Positive and negative life changes experienced by survivors of non-Hodgkin’s lymphoma

Office of Cancer Survivorship, Division of Cancer Control and Population Sciences, National Cancer Institute, Bethesda, Maryland 20892, USA.
Annals of Behavioral Medicine (Impact Factor: 4.2). 11/2007; 34(2):188-99. DOI: 10.1080/08836610701566936
Source: PubMed


The impact of cancer on adult survivors of aggressive non-Hodgkin's Lymphoma (NHL) is understudied.
We examined positive and negative life changes (health behaviors, relationships, financial situation) experienced by survivors of NHL and their association with physical and mental function.
Using the Los Angeles County Cancer Surveillance Program, 744 questionnaires were mailed to adult survivors of NHL: 308 provided complete data for analyses (M age=59.8, SD=14.9).
Perceptions of positive and negative life changes were common in our sample, with 77.9% of NHL survivors reporting at least one positive change and 78.6% reporting at least one negative change. Cancer had the greatest positive change on relationships and the most negative change on survivors' financial situation. There was an equal distribution of survivors classified as having experienced positive change and negative change on health behaviors. Regardless of whether positive and negative life change were entered into separate regression models or the same model, an increase in negative life change in each of the domains was significantly associated with a decrease in physical and mental functioning. Positive change was significantly associated only with physical functioning when examining overall change (p=.018) and health behaviors (p=.013), and the inclusion of negative change attenuated these associations.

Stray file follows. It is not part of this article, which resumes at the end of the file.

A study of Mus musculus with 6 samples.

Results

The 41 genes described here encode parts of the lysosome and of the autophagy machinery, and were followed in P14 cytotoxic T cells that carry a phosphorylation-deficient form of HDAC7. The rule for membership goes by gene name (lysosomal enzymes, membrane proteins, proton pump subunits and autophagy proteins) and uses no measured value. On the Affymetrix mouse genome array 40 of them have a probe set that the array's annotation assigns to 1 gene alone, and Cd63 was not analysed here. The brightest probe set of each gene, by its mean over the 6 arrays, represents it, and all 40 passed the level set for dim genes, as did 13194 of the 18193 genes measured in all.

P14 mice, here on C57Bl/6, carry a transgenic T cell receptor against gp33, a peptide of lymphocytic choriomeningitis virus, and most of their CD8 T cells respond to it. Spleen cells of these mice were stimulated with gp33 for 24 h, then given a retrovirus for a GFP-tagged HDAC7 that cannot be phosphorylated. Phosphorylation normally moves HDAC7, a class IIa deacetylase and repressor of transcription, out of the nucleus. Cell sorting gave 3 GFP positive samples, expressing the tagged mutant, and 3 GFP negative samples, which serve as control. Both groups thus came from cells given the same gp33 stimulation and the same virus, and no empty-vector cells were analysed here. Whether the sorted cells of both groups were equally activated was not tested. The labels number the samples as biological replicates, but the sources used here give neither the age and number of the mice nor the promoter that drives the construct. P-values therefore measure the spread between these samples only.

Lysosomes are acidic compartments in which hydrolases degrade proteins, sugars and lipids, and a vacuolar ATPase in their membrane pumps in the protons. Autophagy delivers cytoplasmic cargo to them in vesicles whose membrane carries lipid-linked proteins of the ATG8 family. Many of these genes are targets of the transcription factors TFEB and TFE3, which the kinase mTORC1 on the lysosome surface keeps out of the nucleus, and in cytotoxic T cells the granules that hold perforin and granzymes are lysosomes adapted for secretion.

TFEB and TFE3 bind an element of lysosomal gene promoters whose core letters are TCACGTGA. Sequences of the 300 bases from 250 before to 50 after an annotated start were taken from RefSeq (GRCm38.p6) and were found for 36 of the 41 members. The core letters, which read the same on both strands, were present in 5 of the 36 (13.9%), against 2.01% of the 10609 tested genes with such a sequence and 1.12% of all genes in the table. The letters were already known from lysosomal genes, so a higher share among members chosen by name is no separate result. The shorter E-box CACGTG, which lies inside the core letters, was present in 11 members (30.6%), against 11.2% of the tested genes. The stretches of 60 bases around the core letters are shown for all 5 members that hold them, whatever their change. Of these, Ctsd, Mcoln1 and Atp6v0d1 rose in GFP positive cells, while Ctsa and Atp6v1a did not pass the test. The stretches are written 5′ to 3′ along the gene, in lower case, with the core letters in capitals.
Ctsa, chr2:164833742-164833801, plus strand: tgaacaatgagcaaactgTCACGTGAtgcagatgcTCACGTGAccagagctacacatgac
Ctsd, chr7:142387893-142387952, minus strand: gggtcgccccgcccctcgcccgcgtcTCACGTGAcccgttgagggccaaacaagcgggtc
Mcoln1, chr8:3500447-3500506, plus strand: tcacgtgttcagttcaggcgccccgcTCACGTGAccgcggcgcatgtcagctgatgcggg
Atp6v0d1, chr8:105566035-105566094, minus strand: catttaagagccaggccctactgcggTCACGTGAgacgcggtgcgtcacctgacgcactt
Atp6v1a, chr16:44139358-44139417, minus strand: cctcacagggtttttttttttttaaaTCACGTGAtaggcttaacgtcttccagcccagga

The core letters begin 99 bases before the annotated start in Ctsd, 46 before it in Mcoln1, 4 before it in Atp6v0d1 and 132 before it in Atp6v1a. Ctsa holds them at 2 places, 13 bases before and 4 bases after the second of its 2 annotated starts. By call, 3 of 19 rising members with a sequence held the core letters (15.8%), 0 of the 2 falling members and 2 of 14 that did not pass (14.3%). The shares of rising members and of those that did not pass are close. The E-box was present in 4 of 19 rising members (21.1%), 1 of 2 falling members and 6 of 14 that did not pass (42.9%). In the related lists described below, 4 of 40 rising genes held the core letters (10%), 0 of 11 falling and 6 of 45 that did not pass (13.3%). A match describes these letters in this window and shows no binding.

In designing interventions to improve the mental and physical function of NHL survivors, the greatest benefit may likely be achieved by reducing the negative effects of cancer. Perhaps positive life changes are related in more specific ways to other indexes of adjustment, but our findings failed to show a positive relationship with mental and physical function.